Repeating the same mistakes in the financial crisis

The solution to our financial woes includes cleaning our exhausted system and replacing it with technology and high value-added industries. Exactly what we're not doing

Groundhog day?
Daniel Lacalle
On 28 January 2013 13:53

How do we get out of a debt problem and stagnation that only worsened with stimulus? The concerns over an all-out global currency war, triggered by Japan's latest move, were discussed in Davos as central banks become increasingly politicized and intervened.

Japan's Prime Minister, Mr. Abe, said that with the dollar above ¥85, "companies that haven't been paying taxes until now can pay taxes" because a weaker yen lifts profit. Really? Or is it a case of exporting at no profit because planning was made at an unsustainable yen exchange?

Devaluation – great idea. It 'improves' competitiveness, debt 'disappears' as the currency in which it is denominated loses value, and everything starts again. Yes? Well, no – because the fundamentals of the economy do not change, and we have sunk the credibility of governments and the financial system. This pyramid scheme does not work without confidence.

We are currently in a period that will be studied in the future in business schools because of the obstinacy of repeating the same formulas that created the crisis over and over.

According to an analysis by RBS, in 2013 most Asian and OECD central banks will engage in some form of aggressive currency manipulation scheme. In this race to zero, once you pop, there is no stop. In 2013 it is estimated (by UBS this time) that central banks will expand their balance by 15 percent – or $1.5 trillion. Hey - It didn’t work the first time, so let's repeat it!

From defeat to defeat until the final debacle

So we get low rates, disproportionate spending in high-risk assets with poor results, impoverishment, and useless stimulus plans. The consequence is more debt and low productivity economies. And the solution, according to our governments? Repeat it: "Stimulate to combat unemployment."

In the US it’s taken $5 trillion of stimulus to reduce unemployment by an imperceptible amount, with an average bill of 'only' $2.5 million of additional debt for every job created – even if we accepted the ridiculous premise that all jobs gained were a result of stimulus and monetary policy (an implausible starting point, because most of the job creation is coming from the oil sector). In the UK, after stimulus, Olympics devaluation, and zero rates, the country faces a triple-dip recession and stagnant unemployment. The solution? Repeat it! 

To repeat such a ‘successful’ formula, governments have to steal from the pocket of savers: taxes, depreciation and manipulation of the cost of money. And, of course, unemployment doesn't fall, certainly not because of government intervention. Textbook financial repression version 2013.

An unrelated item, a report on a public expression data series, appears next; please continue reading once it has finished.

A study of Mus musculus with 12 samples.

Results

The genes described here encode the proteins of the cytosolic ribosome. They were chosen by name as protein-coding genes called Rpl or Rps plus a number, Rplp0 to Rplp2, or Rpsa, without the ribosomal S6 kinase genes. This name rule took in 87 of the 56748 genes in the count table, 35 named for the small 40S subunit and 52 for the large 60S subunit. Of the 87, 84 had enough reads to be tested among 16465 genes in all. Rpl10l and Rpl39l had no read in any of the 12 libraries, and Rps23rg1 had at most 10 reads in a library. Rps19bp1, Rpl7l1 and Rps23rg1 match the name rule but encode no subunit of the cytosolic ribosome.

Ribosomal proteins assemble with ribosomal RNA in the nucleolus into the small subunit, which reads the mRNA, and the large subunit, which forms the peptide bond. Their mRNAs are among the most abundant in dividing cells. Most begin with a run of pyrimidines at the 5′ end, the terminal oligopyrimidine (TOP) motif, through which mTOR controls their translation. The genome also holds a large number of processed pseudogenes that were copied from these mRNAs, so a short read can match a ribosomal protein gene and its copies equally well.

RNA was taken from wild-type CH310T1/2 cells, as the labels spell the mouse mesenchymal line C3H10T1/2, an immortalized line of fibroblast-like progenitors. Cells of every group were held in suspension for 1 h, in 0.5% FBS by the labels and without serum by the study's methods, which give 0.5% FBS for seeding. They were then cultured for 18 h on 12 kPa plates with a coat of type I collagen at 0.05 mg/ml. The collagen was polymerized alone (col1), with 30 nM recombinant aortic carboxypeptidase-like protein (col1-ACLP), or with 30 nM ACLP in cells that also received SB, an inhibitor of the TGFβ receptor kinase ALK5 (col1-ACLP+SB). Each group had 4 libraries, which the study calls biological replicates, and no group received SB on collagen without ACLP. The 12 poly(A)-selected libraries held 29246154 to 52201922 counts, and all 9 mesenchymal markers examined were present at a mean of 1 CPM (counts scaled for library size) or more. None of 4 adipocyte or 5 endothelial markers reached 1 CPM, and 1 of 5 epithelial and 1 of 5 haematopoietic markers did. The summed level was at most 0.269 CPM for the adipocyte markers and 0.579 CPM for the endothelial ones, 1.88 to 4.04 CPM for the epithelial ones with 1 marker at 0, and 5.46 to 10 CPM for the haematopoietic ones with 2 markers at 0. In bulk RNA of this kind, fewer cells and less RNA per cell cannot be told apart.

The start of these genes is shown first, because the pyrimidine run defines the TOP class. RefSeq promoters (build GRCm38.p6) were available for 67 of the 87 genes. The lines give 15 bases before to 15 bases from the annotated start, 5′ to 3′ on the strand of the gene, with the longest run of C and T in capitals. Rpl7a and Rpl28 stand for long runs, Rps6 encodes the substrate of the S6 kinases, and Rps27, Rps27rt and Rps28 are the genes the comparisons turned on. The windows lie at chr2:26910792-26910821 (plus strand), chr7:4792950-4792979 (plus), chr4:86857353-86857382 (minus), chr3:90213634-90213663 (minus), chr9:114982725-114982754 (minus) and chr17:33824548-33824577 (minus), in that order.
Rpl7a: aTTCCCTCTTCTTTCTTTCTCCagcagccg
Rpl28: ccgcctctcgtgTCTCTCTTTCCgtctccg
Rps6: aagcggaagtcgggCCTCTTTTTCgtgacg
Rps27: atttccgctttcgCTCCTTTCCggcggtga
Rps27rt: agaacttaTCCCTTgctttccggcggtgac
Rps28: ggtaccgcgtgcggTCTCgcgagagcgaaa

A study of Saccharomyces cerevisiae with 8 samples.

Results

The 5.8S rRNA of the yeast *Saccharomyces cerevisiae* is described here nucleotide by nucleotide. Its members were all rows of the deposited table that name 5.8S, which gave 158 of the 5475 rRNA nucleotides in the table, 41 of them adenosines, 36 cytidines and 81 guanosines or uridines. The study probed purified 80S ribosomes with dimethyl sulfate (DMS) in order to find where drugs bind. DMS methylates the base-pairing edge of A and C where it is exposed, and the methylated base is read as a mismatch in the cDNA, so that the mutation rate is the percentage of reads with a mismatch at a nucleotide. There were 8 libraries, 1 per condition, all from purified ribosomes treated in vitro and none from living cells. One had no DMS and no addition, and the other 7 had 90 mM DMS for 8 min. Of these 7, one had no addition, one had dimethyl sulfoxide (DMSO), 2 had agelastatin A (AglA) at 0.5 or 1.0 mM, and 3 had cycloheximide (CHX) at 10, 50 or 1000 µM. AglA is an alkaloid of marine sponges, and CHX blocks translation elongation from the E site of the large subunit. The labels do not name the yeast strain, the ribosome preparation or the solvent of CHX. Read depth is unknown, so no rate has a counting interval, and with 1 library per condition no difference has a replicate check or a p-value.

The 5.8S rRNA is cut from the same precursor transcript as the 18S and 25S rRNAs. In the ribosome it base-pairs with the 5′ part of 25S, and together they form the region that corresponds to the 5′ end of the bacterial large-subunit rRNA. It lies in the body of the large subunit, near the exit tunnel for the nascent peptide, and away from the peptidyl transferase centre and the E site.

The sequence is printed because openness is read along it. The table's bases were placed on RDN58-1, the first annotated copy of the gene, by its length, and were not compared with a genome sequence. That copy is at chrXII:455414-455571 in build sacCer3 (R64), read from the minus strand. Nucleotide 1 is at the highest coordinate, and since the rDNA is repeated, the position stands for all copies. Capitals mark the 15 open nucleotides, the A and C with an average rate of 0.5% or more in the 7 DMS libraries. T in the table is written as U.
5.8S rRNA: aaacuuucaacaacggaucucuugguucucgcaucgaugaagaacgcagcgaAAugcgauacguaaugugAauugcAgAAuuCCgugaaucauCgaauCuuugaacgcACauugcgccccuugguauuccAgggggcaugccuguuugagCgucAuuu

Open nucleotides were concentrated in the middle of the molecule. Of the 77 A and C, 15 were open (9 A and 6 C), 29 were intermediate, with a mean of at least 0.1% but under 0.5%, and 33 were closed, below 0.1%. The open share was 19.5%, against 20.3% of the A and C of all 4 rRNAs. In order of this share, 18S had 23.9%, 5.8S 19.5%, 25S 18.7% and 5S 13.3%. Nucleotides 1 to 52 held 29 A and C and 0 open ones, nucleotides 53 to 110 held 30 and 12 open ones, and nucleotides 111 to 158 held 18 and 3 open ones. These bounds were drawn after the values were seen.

Repatriation of gold and "competitive" devaluations

Central banks are devaluing currencies to "improve competitiveness and lower unemployment". Last week we saw Germany's gold repatriation decision and now we read about similar decisions in other countries like India and Azerbaijan, while even Switzerland debates the possibility of repatriating its precious metal reserves. The Standard Bank physical gold index reached historical highs – physical gold, not financial derivatives; an attempt to ring-fence value amidst financial uncertainty.

Repatriation of gold reserves is no accident. It is part of the wider mistrust of the global monetary system that is out of control. Even a senior Chinese official said on Friday that the US should cut back on printing money if the world is to have confidence in the dollar.

Consequence 1: risk soars

One effect of this currency war is the pursuit by investors of yield at any cost to compensate for the fear of the loss of value of money. That is, less interest accepted for higher risk.

According to Bloomberg, the demand for junk bonds and debt of troubled countries has soared to levels of 2009. Companies on the verge of bankruptcy issue bonds with demand exceeding supply by ten times. 

Spain has capitalised on this demand for bonds. Between the state and corporates, bond placements exceeded €42 billion in January. Is Spain on the recovery path Pr is this reallocation of global risk? Investors looking for a bit of yield?

The overall bond bubble is magnified including so-called high-yield. Do you remember Michael Milken and Drexel? Repeat!

Consequence 2: unemployment doesn't fall, but inflation rises

It still amazes me to read that some people think that monetizing debt creates jobs. Unemployment is reduced when economic activity recovers, when we see real private investment. When we establish a monetary bubble, the effect is counterproductive, because money is invested in short-term financial assets.